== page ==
Editor’s note: Richard Gabriel is the president of Decision Analysis, a national trial consulting company and President of the American Society of Trial Consultants Foundation. He has worked on the Casey Anthony and O.J. Simpson cases and is the co-author of "Jury Selection: Strategy and Science".
Jerry Sandusky, the former Penn State coach, has been under house arrest since being charged with sexually abusing 10 boys for at least 15 years.
Jerry Sandusky is entitled to a jury of his peers. And the 16 people who have just been sworn to decide his case strongly fulfill that requirement.
About half of the total 16 chosen jurors in the case have ties to Penn State . The husband of one of the jurors works with the father of one of the key witnesses. Juror #7 works part time for the school’s athletic department. Juror #12 is a Penn State professor of 24 years who has read the grand jury report. One of the jurors has been a Nittany Lions season ticket-holder since the 1970s and one of the alternates heard Sandusky speak at her graduation.
This familiarity with the defendant, the school, and the witnesses, as well as immense local coverage, turns the traditional “impartial jury” on its ear and presents challenges for the prosecution, the defense, and the jurors themselves.
Prosecutors, concerned with the venue’s strong ties to the school, asked Judge John Cleland to move the trial to another county. They may be rightfully worried that the current jurors devoted to the school or the football program may not want to believe Sandusky is capable of such conduct, creating reasonable doubt to reassure themselves that this kind of thing can’t happen in their own back yard. They also may not want to see the scandal further tarnish the reputation of a school they have close ties to.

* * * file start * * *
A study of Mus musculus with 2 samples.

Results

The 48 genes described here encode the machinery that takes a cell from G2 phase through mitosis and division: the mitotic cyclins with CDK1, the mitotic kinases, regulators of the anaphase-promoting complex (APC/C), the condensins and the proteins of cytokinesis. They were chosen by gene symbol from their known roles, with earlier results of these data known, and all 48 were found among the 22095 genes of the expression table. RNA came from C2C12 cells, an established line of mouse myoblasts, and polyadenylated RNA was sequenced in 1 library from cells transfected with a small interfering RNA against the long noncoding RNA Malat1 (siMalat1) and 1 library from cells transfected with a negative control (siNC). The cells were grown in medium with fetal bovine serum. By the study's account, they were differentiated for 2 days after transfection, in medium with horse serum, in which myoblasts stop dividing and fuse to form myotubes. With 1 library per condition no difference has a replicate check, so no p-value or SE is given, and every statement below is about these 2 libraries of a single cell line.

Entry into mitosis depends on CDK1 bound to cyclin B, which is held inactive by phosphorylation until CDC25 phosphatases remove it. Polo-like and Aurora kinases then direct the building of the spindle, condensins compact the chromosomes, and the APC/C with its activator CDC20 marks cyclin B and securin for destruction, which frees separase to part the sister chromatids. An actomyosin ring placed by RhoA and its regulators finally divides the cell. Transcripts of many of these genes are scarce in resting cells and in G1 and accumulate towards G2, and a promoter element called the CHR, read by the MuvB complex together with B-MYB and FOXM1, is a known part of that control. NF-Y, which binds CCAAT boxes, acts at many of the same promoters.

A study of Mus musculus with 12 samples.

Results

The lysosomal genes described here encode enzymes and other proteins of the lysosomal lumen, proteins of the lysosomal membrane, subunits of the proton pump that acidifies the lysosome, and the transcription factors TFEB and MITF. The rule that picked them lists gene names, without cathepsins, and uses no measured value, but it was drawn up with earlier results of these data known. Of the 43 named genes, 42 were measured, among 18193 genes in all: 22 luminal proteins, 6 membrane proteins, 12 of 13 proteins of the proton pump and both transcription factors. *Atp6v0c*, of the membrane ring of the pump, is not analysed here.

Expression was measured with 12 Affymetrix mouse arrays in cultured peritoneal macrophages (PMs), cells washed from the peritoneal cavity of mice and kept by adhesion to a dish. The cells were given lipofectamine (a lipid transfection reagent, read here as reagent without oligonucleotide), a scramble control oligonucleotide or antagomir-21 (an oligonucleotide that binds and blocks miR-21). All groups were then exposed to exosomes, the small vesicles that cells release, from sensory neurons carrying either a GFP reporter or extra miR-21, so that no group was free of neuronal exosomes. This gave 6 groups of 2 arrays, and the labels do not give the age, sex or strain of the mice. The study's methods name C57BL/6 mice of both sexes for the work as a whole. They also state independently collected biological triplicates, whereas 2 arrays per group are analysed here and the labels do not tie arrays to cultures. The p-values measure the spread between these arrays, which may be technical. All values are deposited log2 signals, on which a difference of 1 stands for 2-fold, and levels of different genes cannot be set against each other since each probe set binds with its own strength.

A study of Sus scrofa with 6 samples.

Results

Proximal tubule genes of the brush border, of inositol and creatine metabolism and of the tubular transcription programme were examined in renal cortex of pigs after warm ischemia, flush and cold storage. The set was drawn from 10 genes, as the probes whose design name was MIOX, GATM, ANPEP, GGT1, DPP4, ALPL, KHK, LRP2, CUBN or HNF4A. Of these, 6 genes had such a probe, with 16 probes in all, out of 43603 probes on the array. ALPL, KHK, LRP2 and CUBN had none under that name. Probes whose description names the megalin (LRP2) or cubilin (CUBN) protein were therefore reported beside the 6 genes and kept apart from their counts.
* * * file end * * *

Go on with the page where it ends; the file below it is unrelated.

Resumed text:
However, defense attorneys also have cause for apprehension. Jurors who have affiliations to the school may judge Sandusky more harshly to distance themselves from the horrific accusations. They could see themselves as administrators and communicate a zero tolerance policy with a conviction, under the “one bad apple” theory.
Cleland has assiduously asked jurors whether they can “put aside” what they have heard, seen or expressed about the case. Impossible. All jurors have life experiences and beliefs that affect the way they look at the world and ultimately evidence in a case. For example, Juror #9 is a retired school bus driver who says, " I just can't see our children hurt." Will she see herself as a protector, guarding the alleged victims as she would the kids on her bus?
While judges routinely ask jurors the “set aside” question, the better question is how will jurors’ experiences and relationship to Penn State affect the way they interpret the evidence? Will they be more forgiving of the defendant, knowing his contributions to the storied football program? Or will they judge him more harshly, condemning even the mere appearance of impropriety?
Only the jurors themselves know the answers to these questions. And this underscores the problem with high-profile cases: There is simply no way to seat an impartial jury. Fair, yes. But impartiality implies indifference or neutrality. With months of coverage and hundreds of stories, juries have a hard time separating what they have already seen in the news and talked about with family, friends, and co-workers from what they hear from the witness stand.
Jurors may have heard evidence that the judge will rule inadmissible or be pressured to render a more socially acceptable conviction, knowing the world is judging them. They may also create a higher burden for prosecutors, making them prove their case “beyond a shadow of a doubt.” Juror #4 said he reached a saturation point two months ago with the case and stopped reading news accounts. He may push prosecutors hard to give him new and different evidence from what he has already heard.
Pre-trial publicity, tweets, blogs, and running commentary on the news forces prospective jurors to prejudge the case. And then to try and “set aside” their prejudgment.
Jurors are fair and they struggle mightily to do the right thing. But the 24/7 news cycle makes us all jurors, putting more pressure on local jurors who know the defendant, the witnesses, and are already dealing with a highly emotional subject.
Cleland, when questioning a prospective juror, conceded that it might be hard for him to put aside his emotional ties to the school, but added, "I hope it's hard for everyone. If it's easy, we have the wrong jury."
Whatever the outcome in this case, as we sit back in our jury box at home and prepare for opening statements, lets make sure we appreciate the tough job these jurors, the judge and the attorneys will have in balancing those scales of justice.